She Knew Because She Looked: Africana Womanism
Sometime during my formative years of undergraduate work, I was enrolled in a non-traditional literature course. My instructor was Clenora Hudson-Weems, and her reputation preceded her syllabus. Her presence was intimidating, as she often would hike a foot up on a desk in close proximity to your face and gauge your response. Her hair grew without manipulation, her clothes held to the movement from before, and she jingled to keep syncopation with every head turn, every page turn, every question turned.
It was there in Tate Hall at the University of Missouri that I was to first learn about feminism, and rather quickly, why feminism didn’t define me. I knew immediately and innately that feminism didn’t pair with me. I had never felt subordinate to a man in any way. Up until this part of my life, I rarely had to think of my womanhood aside from puberty and the quickening of my heart around boys with bright teeth and equally bright minds. I never felt helped nor hindered by my gender and in comparison to being Black on a White campus, it seemed an inconsequential state to frame the world. Every familial example in my life showed me that if men were firm and productive soil, it was only because of the whole and complete fertility from women. Myopic as I might have been about the historical plight of women domestically and abroad, the condition of being a woman took a back seat for me to the condition of Black people, Black families, Black children. Feminism didn’t include these caveats, and it was through this course that I realized I needed to think of what that meant for me; more so, what that meant for Black women.
Because the world didn’t and wouldn’t think about Black women at all. The world didn’t and wouldn’t care about me.
Through the course I was introduced to Hurston and Marshall and reintroduced to Morrison and McMillan as a means of identifying and understanding what it means to be a Black woman communally, nationally and globally. This was defined as “Africana Womanism”. At nineteen and still on the cusp of understanding my womanhood and sexuality, I found I could dissect these texts for literary analysis, but the application was awkward and yet–appropriate; akin to the feeling of putting on new shoes when the old previous pair had worn threadbare.
“She knew because she looked.”
― Zora Neale Hurston, Their Eyes Were Watching God
Each lecture and discussion unlocked an aspect of my being that had been lying dormant, waiting for maturity and development. As with exposure, I began to consciously look at my Black womanhood within the context of the environment I was in. I gained the awareness that though I might be–in this small blip of time–prospering and thriving, there was no guarantee of it continuing in the future. History had already made it difficult for women who looked like me to do so with little ridicule, violence or shame. I felt a great responsibility to claim authenticity of who I was as a Black woman, but felt apprehensive to proclaim it on a campus where both Black and White people were befuddled by my Black face, my micro-braids, and my love for alternative rock. I felt I had limited ability to fellowship with Black men as my own personal pursuits aligned with the dominant culture on campus. These pursuits did not go out of its way to extend welcome to them, and technically did not extend welcome to me, though I dusted my feet on the rug and walked in anyway. I knew my privilege was in part by assimilating into a culture that did not always make room for me, but I for it. I knew it because I had fresh eyes to look and receive this as the state of Black womanhood, the state in which I was born unto.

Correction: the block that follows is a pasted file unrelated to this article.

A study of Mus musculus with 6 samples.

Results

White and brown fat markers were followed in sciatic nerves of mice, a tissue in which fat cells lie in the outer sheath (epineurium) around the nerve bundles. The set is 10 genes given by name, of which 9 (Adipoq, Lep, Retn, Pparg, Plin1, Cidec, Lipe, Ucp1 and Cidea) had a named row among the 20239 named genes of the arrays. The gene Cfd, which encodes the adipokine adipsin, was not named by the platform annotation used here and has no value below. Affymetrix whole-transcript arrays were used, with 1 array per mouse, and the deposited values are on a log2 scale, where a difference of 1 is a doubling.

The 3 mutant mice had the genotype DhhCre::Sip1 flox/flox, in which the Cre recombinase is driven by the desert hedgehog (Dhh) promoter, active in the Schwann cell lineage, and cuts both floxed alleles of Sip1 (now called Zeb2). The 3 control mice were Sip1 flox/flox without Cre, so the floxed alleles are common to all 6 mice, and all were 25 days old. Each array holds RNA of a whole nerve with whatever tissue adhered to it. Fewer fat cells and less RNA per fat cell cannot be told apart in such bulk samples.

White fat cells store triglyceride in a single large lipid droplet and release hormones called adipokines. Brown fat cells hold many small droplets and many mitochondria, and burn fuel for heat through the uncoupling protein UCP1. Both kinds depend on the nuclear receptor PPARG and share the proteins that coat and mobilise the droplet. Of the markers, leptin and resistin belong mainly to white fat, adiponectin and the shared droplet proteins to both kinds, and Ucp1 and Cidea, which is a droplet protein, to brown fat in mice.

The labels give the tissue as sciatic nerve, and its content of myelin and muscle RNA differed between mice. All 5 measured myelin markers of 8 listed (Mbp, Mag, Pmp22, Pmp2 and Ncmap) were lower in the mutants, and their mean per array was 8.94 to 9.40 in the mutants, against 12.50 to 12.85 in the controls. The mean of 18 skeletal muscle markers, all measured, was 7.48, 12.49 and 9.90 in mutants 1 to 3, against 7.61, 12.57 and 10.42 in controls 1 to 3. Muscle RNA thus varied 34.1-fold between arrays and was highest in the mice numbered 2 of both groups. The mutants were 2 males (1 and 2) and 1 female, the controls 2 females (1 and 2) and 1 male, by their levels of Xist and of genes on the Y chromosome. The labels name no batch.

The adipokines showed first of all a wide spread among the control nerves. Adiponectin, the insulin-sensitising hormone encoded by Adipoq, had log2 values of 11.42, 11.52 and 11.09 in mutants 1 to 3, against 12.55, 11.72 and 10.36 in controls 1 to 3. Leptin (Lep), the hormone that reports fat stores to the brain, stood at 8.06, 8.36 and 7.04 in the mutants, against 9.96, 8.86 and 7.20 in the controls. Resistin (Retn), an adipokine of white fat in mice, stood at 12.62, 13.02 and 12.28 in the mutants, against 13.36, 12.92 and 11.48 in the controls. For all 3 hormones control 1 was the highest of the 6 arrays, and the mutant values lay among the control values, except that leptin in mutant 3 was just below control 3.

Nevertheless, the juxtaposition of my Black womanhood on a predominantly white campus began to create descriptors of me that go beyond “friendly” “smart” and “articulate.”
I am authentic, unapologetic and whole.
As my personhood succumbs to increased years, there is a striking realization that being authentic, unapologetic and whole are celebrated on superficial levels by those who maintain power and influence. But for Black womanhood, these attributes are rejected by society vehemently. To be a Black woman from any branch of the diaspora means to appease others (and not self) for preservation of the unstable ego pervasive among traditions of the dominant culture. When appeasement is not enough, it is then the Black woman’s position to fix, to apologize, to cower, or to reconcile. Doing so means to be broken in spirit and mind so that backlash, whiplash or tongue lash does not feel the rip of pain. The benefit of this reward is the hope of being accepted fully within the constructs of both gender and race–a reward that will never be given.
So I take my chances on not receiving the reward of ease and acceptance because I don’t have the privilege of even enjoying it–now I have looked, and now I know. I do, however, take great satisfaction in knowing that interjecting my Black womanhood over marble thresholds makes the prize lackluster.
“I had only one desire: to dismember it. To see of what it was made, to discover the dearness, to find the beauty, the desirability that had escaped me, but apparently only me.”
― Toni Morrison, The Bluest Eye
Through the insertion of Black womanhood, I work with my community and for my community to dismember the inequalities that reward the subordination of the Black diaspora. The expectation to pacify or comfort the dominant culture in their woes of embracing those who have been subjugated by their un/intentional privilege is not a mantle for me to bear. I do not have the luxury to negate, forget, or remain silent on what it means to be a Black woman as some have the luxury to not think of me at all. With lack of luxury comes the necessity to work fervently with the aim of projecting the truth of the Black woman as a whole and complete being, competent in establishing a remarkable existence.